Outraged NJ community attends school board meeting after teen suicide

This story contains details that are disturbing. If you or someone you know is having thoughts of suicide, please contact the National Suicide Prevention Lifeline at 988.

A high school in Bayville, New Jersey held a meeting Thursday night, the first school board meeting since 14-year-old student Adriana Kuch took her own life after her family said she was bullied to death.

Concerned parents, students and others were able to express their thoughts and concerns.

Echo McNichols, a student at Central Regional High School, stood in front of the packed crowd, including the school board, describing the bulling she suffered.

Adriana Kuch is seen in a photo from Facebook.

Adriana Kuch is seen in a photo from Facebook.

"They told me that I was ugly and fat and that I should kill myself," McNichols said.

The teen said the administrators did nothing.

RELATED: NJ superintendent resigns following student's death by suicide

"My mom called the police and went to the school, and they told us that there wasn't much that they could do for us," McNichols said.

Former students also came forward, saying they too were bullied on school grounds. Outraged parents demanded answers.

Adriana's Kuch's bruised legs after she was bullied at the local high school. (Michael Kuch)

Adriana's Kuch's bruised legs after she was bullied at the local high school. (Michael Kuch)

"Hearing what happened to Adriana was absolutely disgusting, and you all should be ashamed of yourselves for being board members," one attendee said.

Prior to the meeting, acting Superintendent Dr. Douglas Corbett addressed the media. While he did not talk about what happened with Adriana, citing its under investigation, he laid out what is being done to prevent another tragedy.

"Retaining an outside party to examine our policies and our response to crisis. Reviewing our district's policies, cellphone policies specific," Corbett said.

The meeting comes after four students were recently charged following the recorded attack against Kuch in the hallway of her school spread on social media in the days before her family said she took her own life.

The girls have been charged with aggravated assault and harassment.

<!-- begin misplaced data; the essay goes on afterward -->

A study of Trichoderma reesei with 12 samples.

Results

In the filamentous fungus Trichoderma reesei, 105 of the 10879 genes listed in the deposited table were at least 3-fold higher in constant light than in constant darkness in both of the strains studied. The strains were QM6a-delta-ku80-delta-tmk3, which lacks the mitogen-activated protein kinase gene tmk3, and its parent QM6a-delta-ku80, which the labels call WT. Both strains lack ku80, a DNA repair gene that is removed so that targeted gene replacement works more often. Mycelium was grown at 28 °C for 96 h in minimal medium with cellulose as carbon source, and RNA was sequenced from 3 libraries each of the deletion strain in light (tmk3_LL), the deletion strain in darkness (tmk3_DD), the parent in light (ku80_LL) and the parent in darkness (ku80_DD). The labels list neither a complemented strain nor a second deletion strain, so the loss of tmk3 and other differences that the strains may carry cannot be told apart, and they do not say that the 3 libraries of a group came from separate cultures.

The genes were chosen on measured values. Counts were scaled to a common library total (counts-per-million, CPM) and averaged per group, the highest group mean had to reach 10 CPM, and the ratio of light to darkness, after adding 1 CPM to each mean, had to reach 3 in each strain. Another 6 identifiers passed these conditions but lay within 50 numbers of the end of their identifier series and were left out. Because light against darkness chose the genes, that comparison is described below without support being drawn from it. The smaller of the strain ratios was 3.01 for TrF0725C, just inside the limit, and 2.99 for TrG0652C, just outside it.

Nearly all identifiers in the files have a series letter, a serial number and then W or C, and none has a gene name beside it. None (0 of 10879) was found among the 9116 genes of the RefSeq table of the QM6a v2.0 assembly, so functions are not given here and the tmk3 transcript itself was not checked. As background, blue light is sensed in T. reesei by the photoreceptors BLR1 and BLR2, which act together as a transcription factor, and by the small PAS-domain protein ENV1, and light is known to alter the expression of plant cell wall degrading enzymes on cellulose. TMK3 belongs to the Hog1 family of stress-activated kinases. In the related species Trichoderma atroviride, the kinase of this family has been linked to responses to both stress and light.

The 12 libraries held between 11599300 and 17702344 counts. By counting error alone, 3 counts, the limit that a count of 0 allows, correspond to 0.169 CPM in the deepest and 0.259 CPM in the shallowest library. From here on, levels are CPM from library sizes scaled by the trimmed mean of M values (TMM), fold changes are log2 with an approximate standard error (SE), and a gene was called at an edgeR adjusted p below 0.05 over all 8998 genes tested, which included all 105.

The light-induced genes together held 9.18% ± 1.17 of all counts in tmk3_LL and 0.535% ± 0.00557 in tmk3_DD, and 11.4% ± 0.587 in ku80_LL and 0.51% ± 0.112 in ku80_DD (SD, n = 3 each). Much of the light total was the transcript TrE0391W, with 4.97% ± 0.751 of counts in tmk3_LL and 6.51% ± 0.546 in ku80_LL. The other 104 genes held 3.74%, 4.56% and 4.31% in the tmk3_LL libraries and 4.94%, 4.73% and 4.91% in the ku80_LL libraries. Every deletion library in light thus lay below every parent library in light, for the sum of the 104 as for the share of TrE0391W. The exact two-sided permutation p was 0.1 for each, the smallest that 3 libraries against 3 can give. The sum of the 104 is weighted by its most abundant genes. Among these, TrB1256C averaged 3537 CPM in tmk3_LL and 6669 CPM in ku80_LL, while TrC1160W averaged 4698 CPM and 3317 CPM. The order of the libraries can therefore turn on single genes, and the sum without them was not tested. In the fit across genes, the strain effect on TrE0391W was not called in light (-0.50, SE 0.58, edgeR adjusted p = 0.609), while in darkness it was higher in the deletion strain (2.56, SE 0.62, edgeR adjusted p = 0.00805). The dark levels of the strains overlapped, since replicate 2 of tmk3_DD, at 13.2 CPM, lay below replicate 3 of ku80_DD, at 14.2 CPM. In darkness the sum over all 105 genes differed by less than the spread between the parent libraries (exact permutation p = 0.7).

Adriana Kuch is seen on the floor of the school hallway after the attack.

Adriana Kuch is seen on the floor of the school hallway after the attack.

The family of Adriana found her body on Feb. 3, two days after her beating beside school lockers at the school, her father, Michael Kuch, has said.

Michael was shocked after hearing about the bullying incident. He told Fox News Digital he took his 14-year-old teen to the local police station to file a report about the incident.


She fell to the ground and was repeatedly kicked and punched by students. Cheering was heard from the student who took the video. Two school workers eventually stopped the attack. 

She received care from the school nurse after the attack left her with severe bruising on her legs and face. Her father posted images from the video to his Facebook page.

"These 4 girls planned and executed an attack. If you watch the videos I have, they are laughing while talking about what they are going to do at the start of the video," Michael said.

The teen faced months of bullying from classmates at the school, according to her father.

"I do know why it happened. It happened because these two haven’t liked each other for a couple years, and she had been threatening my daughter online," he stated.

An obituary for Adriana said she was born in Toledo, Ohio but had lived in several places because her father was in the Army. They moved to Bayville seven years ago. She was a freshman at the school.

"She adored all animals, she helped children with special needs, she loved jogging with her brothers and was a true nature lover. Adriana also enjoyed her walks in the woods, skateboarding, riding dune buggies and dirt bikes."

A GoFundMe was set up to help the family with funeral expenses.

If you or a loved one is feeling distressed, call the National Suicide Prevention Lifeline. The crisis center provides free and confidential emotional support 24 hours a day, 7 days a week to civilians and veterans. Call the National Suicide Prevention Lifeline at 1-800-273-8255. Or text HOME to 741-741 (Crisis Text Line).

CLICK HERE for the warning signs and risk factors of suicide. Call 1-800-273-TALK for free and confidential emotional support.

The Associated Press contributed to this report.